Today: Friday 27th November

PLEASE NOTE: We are unable to offer transcripts for our programme interviews. Today is broadcast live and the running order is subject to change.

Patients groups are demanding changes in the way hospitals are inspected after serious failings at a highly rated NHS Trust. And Commonwealth leaders are meeting in Trinidad with climate change high on the agenda, in the last major summit before the Copenhagen climate talks.


The Patients Association has called for the urgent reform of hospital regulation after appalling standards of care resulting in patients dying were found in Essex. Inspectors from the Care Quality Commission (CQC) found blood-splattered equipment, blood stained floors and badly soiled mattresses at Basildon and Thurrock NHS trust. In the same month as the CQC issued the trust with a warning over poor standards, it was rated "good" on quality of service. Director of Policy at the Patients Association Kieran Mullan examines the hospital regulation system.


A new high speed rail line is to be built connecting Scotland and London. The line will pass through the Chilterns, a protected area of outstanding natural beauty. The company responsible for the new line, High Speed Two, is investigating possible routes and will report back to the government at the end of the year. Nicola Stanbridge reports on the views of those who live in the Chilterns.


President Obama has paid tribute to the US military on Thanksgiving Day in the US. In a few days he is expected to lay out his new plans for fighting the war in Afghanistan. Robert fox, war reporter for the Evening Standard, discusses President Obama's Afghan policy.

The business news with Nick Cosgrove.


Lawyers for Gary McKinnon, the British man accused of hacking into US computers, are preparing to challenge the Home Secretary's decision not to block his extradition. Alan Johnson said last night he had seen no medical evidence to suggest that extraditing Mr McKinnon, who has Asperger's syndrome, would breach his human rights. Mr McKinnon's lawyer Karen Todner, discusses the appeal.

The sports news with Arlo White.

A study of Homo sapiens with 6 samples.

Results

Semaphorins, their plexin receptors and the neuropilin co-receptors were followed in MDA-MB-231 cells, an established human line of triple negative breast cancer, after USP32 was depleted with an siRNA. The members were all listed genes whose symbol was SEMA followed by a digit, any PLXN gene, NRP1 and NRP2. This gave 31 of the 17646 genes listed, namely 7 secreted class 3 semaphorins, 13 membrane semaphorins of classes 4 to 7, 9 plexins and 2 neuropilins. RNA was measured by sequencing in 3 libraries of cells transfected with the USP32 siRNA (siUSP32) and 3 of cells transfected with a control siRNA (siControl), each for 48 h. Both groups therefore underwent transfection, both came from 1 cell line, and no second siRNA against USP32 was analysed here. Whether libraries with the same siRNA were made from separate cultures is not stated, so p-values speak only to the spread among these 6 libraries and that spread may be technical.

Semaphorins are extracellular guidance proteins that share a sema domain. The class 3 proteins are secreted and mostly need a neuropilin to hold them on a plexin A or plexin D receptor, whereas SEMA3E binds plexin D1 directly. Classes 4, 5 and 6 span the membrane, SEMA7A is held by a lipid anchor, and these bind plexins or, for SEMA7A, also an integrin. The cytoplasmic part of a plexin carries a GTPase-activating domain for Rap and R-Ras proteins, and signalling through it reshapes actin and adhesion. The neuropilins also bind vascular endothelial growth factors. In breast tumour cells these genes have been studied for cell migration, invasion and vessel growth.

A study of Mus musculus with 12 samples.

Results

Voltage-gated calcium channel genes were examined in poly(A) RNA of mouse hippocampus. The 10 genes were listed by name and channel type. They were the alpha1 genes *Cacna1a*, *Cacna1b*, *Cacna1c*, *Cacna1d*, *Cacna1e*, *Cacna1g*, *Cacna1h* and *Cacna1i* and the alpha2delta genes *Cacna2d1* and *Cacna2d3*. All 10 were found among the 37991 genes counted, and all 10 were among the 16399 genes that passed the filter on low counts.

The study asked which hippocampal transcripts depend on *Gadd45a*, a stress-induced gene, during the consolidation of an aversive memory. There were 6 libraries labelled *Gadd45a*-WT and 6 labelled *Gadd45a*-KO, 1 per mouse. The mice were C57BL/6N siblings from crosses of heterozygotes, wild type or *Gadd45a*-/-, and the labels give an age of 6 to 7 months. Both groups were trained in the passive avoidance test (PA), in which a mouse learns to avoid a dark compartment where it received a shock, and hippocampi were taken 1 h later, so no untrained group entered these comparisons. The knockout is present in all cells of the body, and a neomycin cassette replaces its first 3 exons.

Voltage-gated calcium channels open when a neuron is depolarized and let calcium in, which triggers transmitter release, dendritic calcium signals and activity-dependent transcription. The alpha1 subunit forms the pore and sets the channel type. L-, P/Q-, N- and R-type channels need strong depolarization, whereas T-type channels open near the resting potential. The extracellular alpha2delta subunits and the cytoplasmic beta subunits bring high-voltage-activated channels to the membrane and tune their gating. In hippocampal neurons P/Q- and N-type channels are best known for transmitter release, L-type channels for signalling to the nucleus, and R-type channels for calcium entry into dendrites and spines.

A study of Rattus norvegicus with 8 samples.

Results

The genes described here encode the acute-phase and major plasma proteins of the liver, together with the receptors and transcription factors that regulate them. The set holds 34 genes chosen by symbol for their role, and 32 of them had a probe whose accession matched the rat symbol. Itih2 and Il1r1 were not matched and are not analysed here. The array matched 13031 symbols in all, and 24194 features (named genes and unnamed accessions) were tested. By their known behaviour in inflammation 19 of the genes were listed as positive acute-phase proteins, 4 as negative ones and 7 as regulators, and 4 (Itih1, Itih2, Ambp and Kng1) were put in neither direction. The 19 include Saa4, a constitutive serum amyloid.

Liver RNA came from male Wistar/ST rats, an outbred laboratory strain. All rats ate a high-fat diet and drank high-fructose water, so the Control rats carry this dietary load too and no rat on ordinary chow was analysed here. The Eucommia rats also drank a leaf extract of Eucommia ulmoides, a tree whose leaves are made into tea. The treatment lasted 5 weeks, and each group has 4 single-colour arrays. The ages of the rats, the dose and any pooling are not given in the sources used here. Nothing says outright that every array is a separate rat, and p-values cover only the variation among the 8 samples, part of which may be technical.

Almost 20,000 people have signed a petition calling for a reform of England's libel laws, after two libel cases were brought against scientists. Campaigners are concerned that the laws are stifling scientific critical debate of medical and other scientific practice. Tracey Brown, managing director of Sense About Science which organised the petition, discusses libel law.

The paper review.


Ecologists have developed a way of monitoring the size of bird populations from recordings of their song. Writing in the British Ecological Society's Journal of Applied Ecology, researchers have found it provides a more accurate estimate of numbers than using nets to capture birds, which they say can be stressful for them. Science Correspondent Pallab Ghosh reports on the new technique.

Thought for the day with The Chief Rabbi, Sir Jonathan Sacks.


The high speed rail travel experiences of Japan and France could become a way of life in the UK. Travel between major cities including London and Glasgow would be completed in under three hours. Lord Adonis, Secretary of State for Transport, discusses the new high speed service.


A taskforce is being sent to Basildon and Thurrock NHS trust after Care Quality Commission inspectors identified serious concerns in emergency care, hygiene and cleanliness. The Trust, which has a mortality rate a third higher than the national average, was rated as "good" on quality of service in the CQC's 2008/09 assessment and marked "excellent" for its financial management. Martina Davies, a former patient at the hospital, comments on her experience of care. Sir Brian Jarman, of Imperial College, who was involved in the inquiry into the deaths of heart patients at the Bristol Royal Infirmary, and Baroness Young, chair of the Care Quality Commission, discuss hospital morality rates.


How do you complete a cryptic crossword? A new book published today provides tips and pointers for answering the clues. Colin Dexter, author of the book and creator of Inspector Morse, and Sandy Balfour, author of Clue to our Lives: 80 years of the Guardian Cryptic Crossword, discuss how best to approach a crossword's cryptic teasers.

The sports news with Arlo White.


The results of an investigation into Dubai's financial crisis are being released. The Warwick Commission, an international group of academics and practitioners, is looking at how to prevent the causes of the crisis, and is the latest of numerous investigations into the malfunctioning of the financial system. Professor Avinash Persaud, the commission's chair, discusses its findings.

Business news with Nick Cosgrove.


Negotiations for the release of captured Israeli soldier Gilad Shalit appear to be moving closer to completion. Sergeant Shalit was captured and taken into Gaza by Palestinian militants three and a half years ago. A deal would involve Israel freeing several hundred Palestinian prisoners in return. Middle East correspondent Tim Franks examines the ramifications of a prisoner swap.


Some 20,000 people have signed a petition calling for England's libel laws to be reformed. The laws are being used to "silence critical discussion of medical practice and scientific evidence", according to the signatories. Dr Peter Wilmshurst, cardiologist at the Royal Shrewsbury Hospital, who is being sued for comments he made at a conference in the US, and shadow justice secretary Dominic Grieve, examine libel laws.


Australian authorities in the Northern Territory plan to kill 6,000 wild camels, after they overran a small outback town. A draught in the region has caused camels to travel further afield in search of water. Glenys Oogjes, executive director of Animals Australia, discusses the cull.